This week, we begin our look at the impact of declining Court of Appeal caseloads on the work of the Supreme Court.
We’ll be reviewing three questions in order to analyze the impact of the slow decline in cases at the Court of Appeal: (1) did the Supreme Court’s caseload decline? (2) Was the Supreme Court writing less in majority opinions? And (3) Were the Supreme Court’s majority opinions shorter?
I’m asked occasionally why we should care about the length of the Court’s opinions. There are two reasons. First, data analysts have demonstrated that the chances of a dissent increase as majority opinions get longer. Thus, if the Court is writing longer majorities, the chances of splintering the Court’s voice are greater. Second, as the majority opinions get longer, the Court is deciding more questions. This not only potentially impacts clients’ interests going forward in the lower courts, but it is of course related to the increased likelihood of dissent.
So, how was the Supreme Court doing in the 1990s? Today we’re looking at the criminal docket.
For the decade, the Court decided 472 civil cases (an average, of course, of 47.2 per year). The Court filed 10,595 pages of majority opinions. Civil majority opinions averaged 22.45 pages. Civil cases were more or less flat during the 1990s at the Supreme Court. There were 52 civil cases in 1992, 51 in 1994 and 57 in 1997. There were 54 cases in 1998 and 52 in 1999. The lows of the decade were in 1990 (39 civil cases) and 1996 (31 civil cases).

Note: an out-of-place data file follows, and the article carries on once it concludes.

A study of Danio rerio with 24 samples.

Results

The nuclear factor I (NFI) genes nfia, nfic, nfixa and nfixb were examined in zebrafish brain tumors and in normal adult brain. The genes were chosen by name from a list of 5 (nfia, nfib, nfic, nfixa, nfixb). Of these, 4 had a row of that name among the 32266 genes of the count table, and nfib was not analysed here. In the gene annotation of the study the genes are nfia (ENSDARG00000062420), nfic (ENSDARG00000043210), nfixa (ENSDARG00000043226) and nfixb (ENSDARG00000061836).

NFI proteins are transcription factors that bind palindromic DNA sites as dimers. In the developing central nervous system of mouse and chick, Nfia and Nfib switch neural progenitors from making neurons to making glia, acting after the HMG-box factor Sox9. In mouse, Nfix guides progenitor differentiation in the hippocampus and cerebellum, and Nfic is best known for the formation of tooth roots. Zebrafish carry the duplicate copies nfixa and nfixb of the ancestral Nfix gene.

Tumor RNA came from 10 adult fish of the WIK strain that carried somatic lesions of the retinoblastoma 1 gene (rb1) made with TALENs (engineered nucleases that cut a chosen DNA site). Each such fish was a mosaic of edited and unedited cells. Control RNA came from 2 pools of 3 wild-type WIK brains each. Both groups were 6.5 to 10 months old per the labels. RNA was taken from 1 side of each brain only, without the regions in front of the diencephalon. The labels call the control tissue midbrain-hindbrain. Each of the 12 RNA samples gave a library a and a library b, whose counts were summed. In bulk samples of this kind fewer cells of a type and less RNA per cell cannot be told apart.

Civil opinions slowly increased in length at the Supreme Court during the 1990. In 1990, there were only 699 pages of majority opinions – well below the average of 1,059 pages a year. That number rose to 990 in 1992. By 1994, there were 1,180 pages of majority opinions and 1,293 in 1995. Pages per year remained above the baseline average for the final three years of the decade – 1,380 in 1997, 1,376 in 1998 and 1,259 in 1999.
Majority opinions were definitely getting longer during the 1990s. In 1990, the average civil majority was 17.92 pages. By 1992, it was up to 19.03 pages. In 1994, the average civil majority was 23.14 pages. By 1996, majority opinions were the longest – 28.39 pages. That declined a bit to 24.9 pages by 1999, but across the decade, the average majority opinion grew by 40% in length.
Tomorrow, we’ll take a look at the data for the same period on the criminal docket.